Converting videos from one format to another can be a complicated business, so it’s no surprise that most conversion tools focus on ease of use above all else. But this can also mean the programs lose a great deal of functionality. Encoders such as FFmpeg – the engine behind many free converters – are absolutely packed with features, but the need for simplicity means most of these aren’t accessible to the end user.
There are some projects which take a different view, though, and TEncoder is a good example. This is a converter which isn’t afraid to expose options and settings, and at first glance this makes for a cluttered and intimidating interface. But look past that and you’ll find a tool which manages to be both powerful, and (once you know where everything is) generally very easy to use.
When it comes to importing your source videos, for instance, you can drag and drop them onto TEncoder, just as you’d expect. But the program also has an Add button which allows you to manually import individual files, a folder, even an entire folder tree – a very useful extra.
And it’s a similar story elsewhere. So if you’re in a hurry, or don’t need the program’s more advanced features, that’s not a problem. When converting videos to play on a mobile device, for instance, all you have to do is choose your hardware from the more than 800 profiles on offer. TEncoder will then set itself up accordingly. And once you’ve clicked “Encode” it’ll convert them for you, using a multi-threaded engine which delivers great performance.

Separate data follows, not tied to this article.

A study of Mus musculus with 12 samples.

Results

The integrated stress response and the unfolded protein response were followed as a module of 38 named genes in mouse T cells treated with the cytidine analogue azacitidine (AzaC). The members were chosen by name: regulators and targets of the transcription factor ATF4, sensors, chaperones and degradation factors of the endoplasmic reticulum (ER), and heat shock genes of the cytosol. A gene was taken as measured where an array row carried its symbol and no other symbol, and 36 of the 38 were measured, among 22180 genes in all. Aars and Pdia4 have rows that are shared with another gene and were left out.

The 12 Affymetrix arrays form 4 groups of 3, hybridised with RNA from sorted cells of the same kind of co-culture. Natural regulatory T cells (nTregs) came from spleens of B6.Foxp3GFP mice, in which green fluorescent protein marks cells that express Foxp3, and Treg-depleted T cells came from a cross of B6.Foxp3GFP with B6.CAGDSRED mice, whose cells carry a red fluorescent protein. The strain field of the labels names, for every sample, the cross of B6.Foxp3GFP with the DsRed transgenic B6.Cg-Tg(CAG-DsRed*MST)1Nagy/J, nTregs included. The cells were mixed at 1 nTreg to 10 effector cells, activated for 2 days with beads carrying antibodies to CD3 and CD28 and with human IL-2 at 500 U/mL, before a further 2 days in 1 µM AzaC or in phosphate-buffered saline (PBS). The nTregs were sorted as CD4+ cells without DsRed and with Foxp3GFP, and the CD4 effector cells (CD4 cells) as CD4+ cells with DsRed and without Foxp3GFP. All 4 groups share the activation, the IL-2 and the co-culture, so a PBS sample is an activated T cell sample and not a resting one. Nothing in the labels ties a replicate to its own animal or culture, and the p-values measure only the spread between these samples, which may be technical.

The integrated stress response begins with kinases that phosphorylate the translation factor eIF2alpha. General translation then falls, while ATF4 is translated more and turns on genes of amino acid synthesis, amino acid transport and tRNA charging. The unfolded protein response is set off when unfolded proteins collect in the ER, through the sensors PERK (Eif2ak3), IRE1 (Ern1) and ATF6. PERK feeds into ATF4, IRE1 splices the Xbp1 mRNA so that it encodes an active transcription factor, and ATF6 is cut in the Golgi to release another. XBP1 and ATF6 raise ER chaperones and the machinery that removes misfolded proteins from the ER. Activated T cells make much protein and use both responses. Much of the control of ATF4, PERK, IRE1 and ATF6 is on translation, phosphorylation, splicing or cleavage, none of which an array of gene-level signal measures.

If you do need more fine control, though, TEncoder provides access to all the usual settings: video and audio codecs, bitrates, resolution and frame rates, aspect ratio, output format and more. A Trim tool helps you select the part of the video you’d like to convert, and there’s good support for embedding subtitles into the finished movie.
There are also some advanced filters, including “Deinterlace” and “Crop”. But again, while these look intimidating, they’re implemented with care. We really had no idea whether selecting “Linear Blend” or “Kernel Deinterlace” would deliver the best results for our source video, for example, but it turned out this didn’t matter: the Deinterlace dialog includes a Preview button, which means you’re able to see the effects of each option before running the full conversion job.
And if you do manage to assemble a particular group of settings which you’ll use again, you don’t have to remember and re-enter them each time. Just save them as a custom profile and you’ll be able to recall them later in a couple of clicks.
TEncoder may have a complex interface, then, and even video experts may wonder precisely what some of its options will do. But the extra functionality doesn’t get in your way, and once you’ve learned the basics, the program turns out to be powerful, yet also easy to use. Give it a try.